Hackneyed ‘ward hack’ theme won’t fly
BY MARK BROWN email@example.com August 28, 2012 10:30PM
Alaska delegate Judy Eledge holds up Obama countdown clock during the Republican National Convention in Tampa, Fla., on Tuesday, Aug. 28, 2012. (AP Photo/Jae C. Hong)
Updated: September 30, 2012 6:30AM
TAMPA — Here we go again with this business about Barack Obama bringing “Chicago ward politics” to the White House.
John McCain pushed that notion to no effect four years ago, and one of my counterparts has never let up.
New Jersey Gov. Chris Christie has now adopted it as part of his standup shtick, as if the Garden State was some sort of oasis of ethical government, though thankfully he dropped the theme from Tuesday’s keynote attack-dog speech.
It’s an easy hit. Our city’s politics are dirty, undeniably so. Obama emerged from our political system, therefore, Obama must be dirty.
May I just point out that you can’t even get elected mayor of Chicago any more on the basis of ward politics, not to mention U.S. senator, let alone president of the United States.
On the television over my shoulder here in the press center at the Republican National Convention, I just heard one of the speakers decrying the “Obama apologists in the mainstream media.”
I hate to rise to the bait, proud member of the “liberal news media” that I am, if only to avoid being too predictable.
The economy stinks. Obama has had four years to take a crack at it. If you want to try somebody else at the helm, I get it.
I even understand why Republicans are all worked up about the “you didn’t build that” business, a most unfortunate choice of words, even if they’re being taken out of context. In truth, the context doesn’t entirely repair the damage.
But I still can’t sit back while others pretend that Barack Obama is just another ward hack who miraculously rose above his station — or that he’s “Daley’s boy.”
When this emerged as a campaign theme four years ago, here’s what I wrote:
“We have lots of prominent politicians in Illinois who were ‘born of the corrupt Chicago political machine,’ as the new John McCain campaign commercial so ominously puts it.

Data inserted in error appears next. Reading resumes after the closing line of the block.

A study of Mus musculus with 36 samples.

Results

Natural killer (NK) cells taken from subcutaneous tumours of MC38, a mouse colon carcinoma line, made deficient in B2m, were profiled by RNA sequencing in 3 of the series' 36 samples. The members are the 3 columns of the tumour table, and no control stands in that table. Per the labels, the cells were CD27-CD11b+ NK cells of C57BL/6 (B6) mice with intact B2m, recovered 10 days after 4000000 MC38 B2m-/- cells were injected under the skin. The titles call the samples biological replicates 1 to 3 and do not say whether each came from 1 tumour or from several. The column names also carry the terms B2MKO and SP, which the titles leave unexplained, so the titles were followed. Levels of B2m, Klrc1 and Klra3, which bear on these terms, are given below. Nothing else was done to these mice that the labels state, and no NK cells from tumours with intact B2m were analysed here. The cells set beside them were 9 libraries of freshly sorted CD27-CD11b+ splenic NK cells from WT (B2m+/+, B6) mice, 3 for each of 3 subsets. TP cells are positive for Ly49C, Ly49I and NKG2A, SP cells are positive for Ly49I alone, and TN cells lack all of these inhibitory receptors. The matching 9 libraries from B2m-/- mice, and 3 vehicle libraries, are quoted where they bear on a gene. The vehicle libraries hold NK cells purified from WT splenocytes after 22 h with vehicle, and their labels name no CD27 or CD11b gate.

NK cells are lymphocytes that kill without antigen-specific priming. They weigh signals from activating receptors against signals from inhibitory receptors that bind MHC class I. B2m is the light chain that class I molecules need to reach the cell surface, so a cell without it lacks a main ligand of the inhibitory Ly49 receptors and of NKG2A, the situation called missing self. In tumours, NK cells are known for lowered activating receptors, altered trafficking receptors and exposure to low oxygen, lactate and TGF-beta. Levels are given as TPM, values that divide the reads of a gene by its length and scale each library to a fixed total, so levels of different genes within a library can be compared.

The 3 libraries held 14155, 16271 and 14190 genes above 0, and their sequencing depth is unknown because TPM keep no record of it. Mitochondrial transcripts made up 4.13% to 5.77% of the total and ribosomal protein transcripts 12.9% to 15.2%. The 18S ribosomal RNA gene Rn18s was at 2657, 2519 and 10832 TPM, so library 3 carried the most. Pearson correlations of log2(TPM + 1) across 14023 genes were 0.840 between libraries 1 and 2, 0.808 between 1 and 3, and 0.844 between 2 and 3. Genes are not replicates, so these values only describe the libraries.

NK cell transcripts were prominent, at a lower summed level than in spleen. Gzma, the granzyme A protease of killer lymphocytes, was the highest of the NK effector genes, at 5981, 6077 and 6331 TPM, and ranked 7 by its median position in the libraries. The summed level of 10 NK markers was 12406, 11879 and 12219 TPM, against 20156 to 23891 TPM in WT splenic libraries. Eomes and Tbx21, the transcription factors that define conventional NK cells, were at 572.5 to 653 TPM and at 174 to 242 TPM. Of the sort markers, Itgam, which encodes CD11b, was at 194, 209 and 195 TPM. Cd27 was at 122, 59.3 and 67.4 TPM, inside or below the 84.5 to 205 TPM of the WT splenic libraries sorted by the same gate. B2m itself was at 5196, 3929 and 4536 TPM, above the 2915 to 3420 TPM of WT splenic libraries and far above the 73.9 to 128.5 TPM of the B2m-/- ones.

“Some have the DNA to prove it. Others worked their way up through the patronage ranks.
“Barack Obama isn’t one of them.”
I stand by that.
I stand by that — not having forgotten that Obama’s first two White House chiefs of staff were Rahm Emanuel (who, yes, first got elected to Congress with some help from Don Tomczak’s troops, but hardly owed the election to them) and Bill Daley, brother to former Chicago Mayor Rich Daley (who dismantled the traditional ward political apparatus because it only got in his way.) In the most important election of Obama’s life, the Democratic primary for the U.S. Senate, the mayor was on the sidelines.
Nor have I forgotten Obama’s strange real estate deal with the now-convicted Tony Rezko, his first big campaign donor. I’m still troubled by their friendship, and still waiting for the day we hear the whole story.
I’ve never tried to tell anybody that Obama was a reformer. He was no crusader in the state Legislature, although nobody ever mistook him for just another hack either. It’s obvious he was always trying foremost to protect his options for pursuing higher office.
The story of Barack Obama is that of a politician who figured out he didn’t have to wait his turn, who didn’t have to pay his dues, who could take on the Machine boys and beat them at their own game — with the help of a shrewd campaign strategist and image-maker to sell him on television.
In Obama’s case, the image fit. He was somebody new, somebody different. He represented change, despite the fact that he hasn’t been able to achieve the changes he promised.
It may well be that American voters will soon be sending Barack Obama back to us. None of them should do so while laboring under the impression that he will find a new home with the Cook County Democratic Central Committee.